SEOUL (AFP) - A South Korean court on Thursday (Oct 7) ruled that it was unfair for the military to forcibly discharge a soldier over her gender-reassignment surgery, months after she took her own life over the decision.
South Korea remains deeply conservative about matters of sexual identity and is less tolerant of lesbian, gay, bisexual and transgender rights than some other parts of Asia, with many gay and transgender Koreans living largely under the radar.
Ms Byun Hee-soo, formerly a staff sergeant and in her 20s, enlisted voluntarily in 2017. She went on to have gender-reassignment surgery in 2019 in Thailand.
Seoul's Defence Ministry classified the removal of her male genitals as a mental or physical handicap, and a panel ruled in January last year that she would be compulsorily discharged.
Her case was the first of its kind in South Korea, and she filed an administrative suit against the decision in August last year.
But she was found dead at her home about seven months later.
The Daejeon District Court ruled in her favour, saying the military should have officially accepted her as a woman post-surgery.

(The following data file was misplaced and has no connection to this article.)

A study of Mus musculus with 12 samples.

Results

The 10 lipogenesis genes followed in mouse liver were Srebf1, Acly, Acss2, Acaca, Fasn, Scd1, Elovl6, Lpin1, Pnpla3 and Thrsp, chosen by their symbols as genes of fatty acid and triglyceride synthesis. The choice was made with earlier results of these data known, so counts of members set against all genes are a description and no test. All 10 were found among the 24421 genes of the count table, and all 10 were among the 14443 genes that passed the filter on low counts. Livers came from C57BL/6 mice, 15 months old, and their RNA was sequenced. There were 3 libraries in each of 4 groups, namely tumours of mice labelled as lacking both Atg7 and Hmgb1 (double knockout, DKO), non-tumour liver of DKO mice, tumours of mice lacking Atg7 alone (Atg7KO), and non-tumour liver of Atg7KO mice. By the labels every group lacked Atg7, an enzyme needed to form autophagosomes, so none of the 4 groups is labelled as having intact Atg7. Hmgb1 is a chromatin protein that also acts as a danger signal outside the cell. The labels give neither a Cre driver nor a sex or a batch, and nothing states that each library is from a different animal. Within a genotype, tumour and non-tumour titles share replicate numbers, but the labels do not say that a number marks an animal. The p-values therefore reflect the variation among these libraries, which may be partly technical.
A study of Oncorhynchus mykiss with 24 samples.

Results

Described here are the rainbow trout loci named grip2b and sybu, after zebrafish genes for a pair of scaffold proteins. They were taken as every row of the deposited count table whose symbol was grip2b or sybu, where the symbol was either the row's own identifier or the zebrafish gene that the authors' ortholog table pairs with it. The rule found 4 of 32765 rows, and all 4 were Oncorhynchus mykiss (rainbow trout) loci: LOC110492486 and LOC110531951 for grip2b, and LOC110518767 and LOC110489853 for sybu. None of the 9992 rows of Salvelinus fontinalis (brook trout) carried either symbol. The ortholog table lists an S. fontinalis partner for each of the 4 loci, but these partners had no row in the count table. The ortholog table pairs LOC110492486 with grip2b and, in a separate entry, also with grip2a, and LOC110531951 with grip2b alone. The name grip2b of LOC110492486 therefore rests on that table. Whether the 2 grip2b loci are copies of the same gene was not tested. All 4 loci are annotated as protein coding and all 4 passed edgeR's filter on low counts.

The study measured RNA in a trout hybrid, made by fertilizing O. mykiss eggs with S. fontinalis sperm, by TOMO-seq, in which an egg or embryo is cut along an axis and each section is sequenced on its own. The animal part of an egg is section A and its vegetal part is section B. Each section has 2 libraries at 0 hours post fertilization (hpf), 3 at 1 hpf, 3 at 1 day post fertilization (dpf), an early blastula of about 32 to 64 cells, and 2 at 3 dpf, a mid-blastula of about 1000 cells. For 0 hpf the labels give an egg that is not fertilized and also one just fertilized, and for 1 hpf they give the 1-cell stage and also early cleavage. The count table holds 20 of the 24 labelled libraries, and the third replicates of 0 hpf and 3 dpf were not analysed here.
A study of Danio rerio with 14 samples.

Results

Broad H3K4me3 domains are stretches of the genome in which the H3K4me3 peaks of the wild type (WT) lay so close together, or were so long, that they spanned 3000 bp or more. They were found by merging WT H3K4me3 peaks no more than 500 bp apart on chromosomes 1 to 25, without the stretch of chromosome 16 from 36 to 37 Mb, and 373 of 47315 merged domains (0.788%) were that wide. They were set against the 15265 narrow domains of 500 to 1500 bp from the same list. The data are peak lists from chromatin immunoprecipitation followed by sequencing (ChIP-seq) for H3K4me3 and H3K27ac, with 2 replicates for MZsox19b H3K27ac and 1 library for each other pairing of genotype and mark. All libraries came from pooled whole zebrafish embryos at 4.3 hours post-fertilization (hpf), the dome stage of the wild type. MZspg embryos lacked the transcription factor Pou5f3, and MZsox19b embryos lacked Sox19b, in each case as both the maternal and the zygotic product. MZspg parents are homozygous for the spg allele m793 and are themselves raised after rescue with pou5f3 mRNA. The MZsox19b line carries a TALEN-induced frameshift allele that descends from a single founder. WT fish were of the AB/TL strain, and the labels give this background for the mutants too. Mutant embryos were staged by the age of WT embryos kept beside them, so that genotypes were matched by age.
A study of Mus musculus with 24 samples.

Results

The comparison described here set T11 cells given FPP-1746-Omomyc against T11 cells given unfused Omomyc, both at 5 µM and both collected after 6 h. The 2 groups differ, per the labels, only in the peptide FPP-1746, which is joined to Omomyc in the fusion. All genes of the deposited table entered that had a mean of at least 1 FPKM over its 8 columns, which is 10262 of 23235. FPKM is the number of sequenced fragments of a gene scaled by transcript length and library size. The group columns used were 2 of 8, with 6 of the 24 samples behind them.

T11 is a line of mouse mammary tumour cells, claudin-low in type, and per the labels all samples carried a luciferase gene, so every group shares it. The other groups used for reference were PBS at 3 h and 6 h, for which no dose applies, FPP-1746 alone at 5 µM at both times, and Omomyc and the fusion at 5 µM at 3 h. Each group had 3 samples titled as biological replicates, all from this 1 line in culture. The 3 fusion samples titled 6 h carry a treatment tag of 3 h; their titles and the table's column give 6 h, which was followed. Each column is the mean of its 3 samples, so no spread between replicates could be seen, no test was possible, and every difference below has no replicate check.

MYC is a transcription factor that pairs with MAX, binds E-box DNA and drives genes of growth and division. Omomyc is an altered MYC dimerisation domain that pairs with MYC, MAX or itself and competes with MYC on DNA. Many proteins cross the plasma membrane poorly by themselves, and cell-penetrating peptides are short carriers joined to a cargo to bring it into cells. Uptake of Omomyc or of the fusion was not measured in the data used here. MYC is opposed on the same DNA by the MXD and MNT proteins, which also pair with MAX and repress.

Immediately after Ms Byun's reassignment surgery, the court accepted her request to be legally recognised as a woman, the district court said, according to South Korea's Yonhap News Agency.
Had she been officially recognised as female, the court added, it would have been impossible for the military authorities to conclude that she had "a mental or physical handicap" and discharge her.
The ministry told AFP that it respected the court's decision, but has yet to decide whether to appeal.
South Korea has a conscript army to defend itself against the nuclear-armed North, with all able-bodied male citizens obliged to serve for nearly two years.
But Ms Byun was a volunteer non-commissioned officer and said at her press conference last year that serving in the military had always been her childhood dream.
Her death has triggered an outpouring of grief and calls for South Korean MPs to pass an anti-discrimination Bill.
International rights groups have expressed concern about the way the country treats gay soldiers, who are banned from engaging in same-sex acts and can face up to two years in prison if caught - even though such actions are legal in civilian life.